The terminal diagnosis is given, the knock on the door comes, and someone you love is dying or has just died. Death happens every day, yet as one hospital chaplain said, “Most of the time we just live life as if it isn’t an issue until it’s in our face.”
It’s not as if death is a secret. It’s on the news and in the newspaper daily, but we don’t talk about it very much, almost pretending as if it won’t happen to us or our loved ones. But by not talking and not preparing, we make dying and death scarier and more difficult than it needs to be. That is one of the messages that the storytellers in What Obituaries Don’t Tell You: Conversations about Life and Death want to impart. Talk and prepare is a theme repeated over and over.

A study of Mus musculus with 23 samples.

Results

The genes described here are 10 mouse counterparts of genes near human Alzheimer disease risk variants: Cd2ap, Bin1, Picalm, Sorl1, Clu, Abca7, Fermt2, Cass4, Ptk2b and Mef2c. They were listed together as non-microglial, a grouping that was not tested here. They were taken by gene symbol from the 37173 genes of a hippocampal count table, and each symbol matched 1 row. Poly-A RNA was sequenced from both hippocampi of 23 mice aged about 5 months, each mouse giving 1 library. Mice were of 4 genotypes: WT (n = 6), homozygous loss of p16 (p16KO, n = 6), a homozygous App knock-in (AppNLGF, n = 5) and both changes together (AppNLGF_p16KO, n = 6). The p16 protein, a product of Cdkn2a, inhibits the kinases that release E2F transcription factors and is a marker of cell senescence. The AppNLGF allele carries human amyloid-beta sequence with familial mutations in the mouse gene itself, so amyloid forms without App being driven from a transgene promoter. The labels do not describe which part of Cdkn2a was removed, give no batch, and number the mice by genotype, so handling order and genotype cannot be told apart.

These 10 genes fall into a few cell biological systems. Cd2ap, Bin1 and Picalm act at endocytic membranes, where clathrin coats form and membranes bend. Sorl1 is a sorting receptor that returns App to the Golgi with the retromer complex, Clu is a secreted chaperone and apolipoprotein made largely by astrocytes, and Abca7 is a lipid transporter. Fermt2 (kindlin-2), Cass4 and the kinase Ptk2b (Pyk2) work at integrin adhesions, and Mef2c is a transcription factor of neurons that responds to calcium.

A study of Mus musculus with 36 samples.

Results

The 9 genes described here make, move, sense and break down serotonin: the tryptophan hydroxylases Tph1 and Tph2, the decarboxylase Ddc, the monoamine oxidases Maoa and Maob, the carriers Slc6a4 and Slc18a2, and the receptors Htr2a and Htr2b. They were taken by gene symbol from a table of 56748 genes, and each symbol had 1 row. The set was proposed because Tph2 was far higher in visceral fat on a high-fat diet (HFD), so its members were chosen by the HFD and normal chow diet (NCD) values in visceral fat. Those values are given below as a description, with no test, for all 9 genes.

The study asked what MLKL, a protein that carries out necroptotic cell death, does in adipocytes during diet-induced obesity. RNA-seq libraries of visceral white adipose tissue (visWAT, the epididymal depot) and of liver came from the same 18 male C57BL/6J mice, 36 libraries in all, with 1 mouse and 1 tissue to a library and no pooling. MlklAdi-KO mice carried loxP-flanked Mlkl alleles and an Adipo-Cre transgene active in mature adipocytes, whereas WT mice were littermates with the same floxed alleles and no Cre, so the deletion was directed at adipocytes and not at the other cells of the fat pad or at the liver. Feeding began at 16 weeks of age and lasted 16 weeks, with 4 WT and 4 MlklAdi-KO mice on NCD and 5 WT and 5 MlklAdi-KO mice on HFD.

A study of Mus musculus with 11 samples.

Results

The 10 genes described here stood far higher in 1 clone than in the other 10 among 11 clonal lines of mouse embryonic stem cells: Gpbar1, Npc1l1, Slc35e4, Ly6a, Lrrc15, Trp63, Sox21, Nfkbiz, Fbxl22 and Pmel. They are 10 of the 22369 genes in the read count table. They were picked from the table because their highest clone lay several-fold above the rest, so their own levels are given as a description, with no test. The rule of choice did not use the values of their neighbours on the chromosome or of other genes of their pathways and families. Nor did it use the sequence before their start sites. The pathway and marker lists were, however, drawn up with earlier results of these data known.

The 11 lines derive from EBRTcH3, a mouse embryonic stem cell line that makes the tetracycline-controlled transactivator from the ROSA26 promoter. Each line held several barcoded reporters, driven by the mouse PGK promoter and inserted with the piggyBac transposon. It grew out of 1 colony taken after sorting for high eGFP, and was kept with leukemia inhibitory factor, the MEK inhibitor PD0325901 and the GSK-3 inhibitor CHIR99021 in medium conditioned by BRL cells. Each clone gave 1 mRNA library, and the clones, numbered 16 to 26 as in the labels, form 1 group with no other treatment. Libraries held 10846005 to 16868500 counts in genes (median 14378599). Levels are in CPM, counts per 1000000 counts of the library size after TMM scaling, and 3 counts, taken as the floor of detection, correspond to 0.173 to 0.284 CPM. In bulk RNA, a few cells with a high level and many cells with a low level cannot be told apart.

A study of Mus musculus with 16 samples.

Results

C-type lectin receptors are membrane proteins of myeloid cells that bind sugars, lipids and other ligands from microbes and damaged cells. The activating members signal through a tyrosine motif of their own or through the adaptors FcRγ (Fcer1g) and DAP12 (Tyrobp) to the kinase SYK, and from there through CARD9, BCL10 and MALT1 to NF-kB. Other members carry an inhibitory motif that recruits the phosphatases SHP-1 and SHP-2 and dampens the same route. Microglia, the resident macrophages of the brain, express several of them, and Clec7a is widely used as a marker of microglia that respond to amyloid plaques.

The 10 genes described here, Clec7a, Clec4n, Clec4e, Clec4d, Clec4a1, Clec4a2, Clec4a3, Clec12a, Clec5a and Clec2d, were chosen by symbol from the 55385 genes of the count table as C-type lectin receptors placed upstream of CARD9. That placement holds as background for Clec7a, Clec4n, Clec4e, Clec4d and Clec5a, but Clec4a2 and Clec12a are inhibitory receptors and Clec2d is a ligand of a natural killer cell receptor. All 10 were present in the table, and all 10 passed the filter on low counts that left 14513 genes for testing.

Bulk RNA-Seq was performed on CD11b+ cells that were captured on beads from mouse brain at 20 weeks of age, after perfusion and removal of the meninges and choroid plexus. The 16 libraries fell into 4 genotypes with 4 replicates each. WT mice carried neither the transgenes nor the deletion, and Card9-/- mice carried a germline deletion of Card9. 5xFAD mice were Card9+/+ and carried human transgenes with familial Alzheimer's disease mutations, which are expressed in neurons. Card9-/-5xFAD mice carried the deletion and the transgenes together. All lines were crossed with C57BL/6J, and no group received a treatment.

In these stories and interviews you are sure to find people and narratives that are meaningful to you, helping you heal from loss, assuring you that you are not alone in your experiences, and allowing you to find your voice and speak your truth in your own conversations about life and death.
You may also be surprised. Did you know that there is a strong correlation between whether a death is deemed good or bad, easy or difficult, and the relationships in a person’s life, including one’s relationship to religious or spiritual beliefs?
Whether you are a person who has lost a loved one, a person thinking about your own death and wanting to prepare for it, or a student or professional preparing to or already working with issues of death in any way, you may find that the information that helps you the most is not imparted to you in obituaries but in the stories behind the scenes.